When Paul Moore sauntered on stage and continued to the floor below it at Trinity United Church Thursday evening, with volumes of manuscript spilling from one arm and a giant water bottle from the other, we wondered what form of recital we were in for.
As he clumsily adjusted his music and took a swig from his bottle, he explained that such adjustments and swigging, along with spitting, slurping and similar unsavoury aspects of a singer’s performance, were generally performed backstage, out of sight of the audience, and that we were privileged to witness them first hand.
He casually introduced his very fine accompanist, Sandra Fletcher, along with front-of-house as well as backstage manager/lighting technician Liza Judd, and continued to ramble, smile and giggle.
His haphazard approach might have irritated some who prefer a more theatrical presentation, with economy and finesse, but most of Thursday’s audience smiled and giggled along with him.
Then, when he opened his mouth to sing he had them in the palm of his hand. Now in his self-confessed 40s, Moore still has the powerful voice and fine physique of one 10 years his junior.
His unrehearsed style of banter between songs sometimes stretched a tad too far, but when he sang he was focused, still and straight-backed, entirely committed to the great music he produces.
The parlour style recital opened with a tribute to Moore’s late Nana and perhaps his own youth, Salley Gardens, written by William Butler Yeats in 1889 and set to music by Benjamin Britten in 1943.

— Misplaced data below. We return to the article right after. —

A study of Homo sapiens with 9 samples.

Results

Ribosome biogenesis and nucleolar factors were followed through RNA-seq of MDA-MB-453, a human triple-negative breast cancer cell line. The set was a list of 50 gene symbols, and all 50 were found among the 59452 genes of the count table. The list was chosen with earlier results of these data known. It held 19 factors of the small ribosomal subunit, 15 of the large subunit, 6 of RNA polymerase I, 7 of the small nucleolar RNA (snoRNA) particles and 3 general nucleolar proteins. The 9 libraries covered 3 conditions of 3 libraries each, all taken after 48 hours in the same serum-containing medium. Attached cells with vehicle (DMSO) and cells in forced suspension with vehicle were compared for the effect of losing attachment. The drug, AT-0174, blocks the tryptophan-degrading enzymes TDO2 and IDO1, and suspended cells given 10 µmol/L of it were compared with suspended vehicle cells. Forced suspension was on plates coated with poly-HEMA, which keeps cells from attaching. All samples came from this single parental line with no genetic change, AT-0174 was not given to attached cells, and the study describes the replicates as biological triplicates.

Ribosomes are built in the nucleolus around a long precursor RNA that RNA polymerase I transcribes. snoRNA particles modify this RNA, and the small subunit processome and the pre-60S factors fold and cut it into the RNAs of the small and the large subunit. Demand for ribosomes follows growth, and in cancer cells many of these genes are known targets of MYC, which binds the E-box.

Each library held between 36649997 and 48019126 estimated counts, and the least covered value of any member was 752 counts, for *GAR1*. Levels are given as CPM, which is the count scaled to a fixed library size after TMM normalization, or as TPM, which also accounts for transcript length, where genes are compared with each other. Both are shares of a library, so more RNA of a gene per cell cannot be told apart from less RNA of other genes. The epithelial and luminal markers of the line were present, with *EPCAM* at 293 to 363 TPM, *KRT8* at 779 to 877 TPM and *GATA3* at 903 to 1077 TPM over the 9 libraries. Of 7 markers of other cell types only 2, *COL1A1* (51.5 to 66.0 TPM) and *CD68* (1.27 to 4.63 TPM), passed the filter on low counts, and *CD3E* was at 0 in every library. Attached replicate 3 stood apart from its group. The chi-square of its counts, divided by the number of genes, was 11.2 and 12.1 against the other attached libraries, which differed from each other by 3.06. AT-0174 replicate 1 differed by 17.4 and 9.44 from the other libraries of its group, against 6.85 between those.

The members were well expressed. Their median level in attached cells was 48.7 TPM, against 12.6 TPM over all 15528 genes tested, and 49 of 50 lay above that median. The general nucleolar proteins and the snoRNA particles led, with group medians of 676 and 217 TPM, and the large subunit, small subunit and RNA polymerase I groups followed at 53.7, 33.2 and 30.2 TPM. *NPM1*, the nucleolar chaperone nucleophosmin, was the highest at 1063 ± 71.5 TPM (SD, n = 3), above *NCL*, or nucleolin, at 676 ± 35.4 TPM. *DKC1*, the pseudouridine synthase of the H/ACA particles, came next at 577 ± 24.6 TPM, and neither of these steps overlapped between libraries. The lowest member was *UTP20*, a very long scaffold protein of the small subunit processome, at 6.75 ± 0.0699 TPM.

His rendition of Albert Hay Mallotte’s arrangement of The Lord’s Prayer was, in his own words, “a real barn burner.” And his invitation to the audience to join him during his medley of Neapolitan songs was enthusiastically accepted, particularly when he sang Santa Lucia to his accompanist who responded with good humoured smiles as she gazed back at him while still managing to find all the right chords.
The show ended with the famous aria Vesti la Giubba (Put on the Costume) from Ruggero Leoncavallo’s Pagliacci (Clowns), where Canio breaks down as he applies his clown make-up before facing his audience and his wife’s lover. Moore may have lacked the superb breath control of his hero Luciano Pavarotti, but only the most critical would have found fault.
Acknowledging his well-deserved applause afterwards, he mentioned the choir he is forming, open to all voices, male and female. Rehearsals start in September at the Essentialist Church of Christ on 45th Avenue. Details will be announced in this newspaper.
Meanwhile, let’s hope for more of Paul Moore on stage, or floor. Perhaps next time he’ll doff his white tie and tails in favour of something less formal to match his engaging, easy style.
Christine Pilgrim is a performer based in Vernon, B.C. who regularly contributes concert reviews to The Morning Star.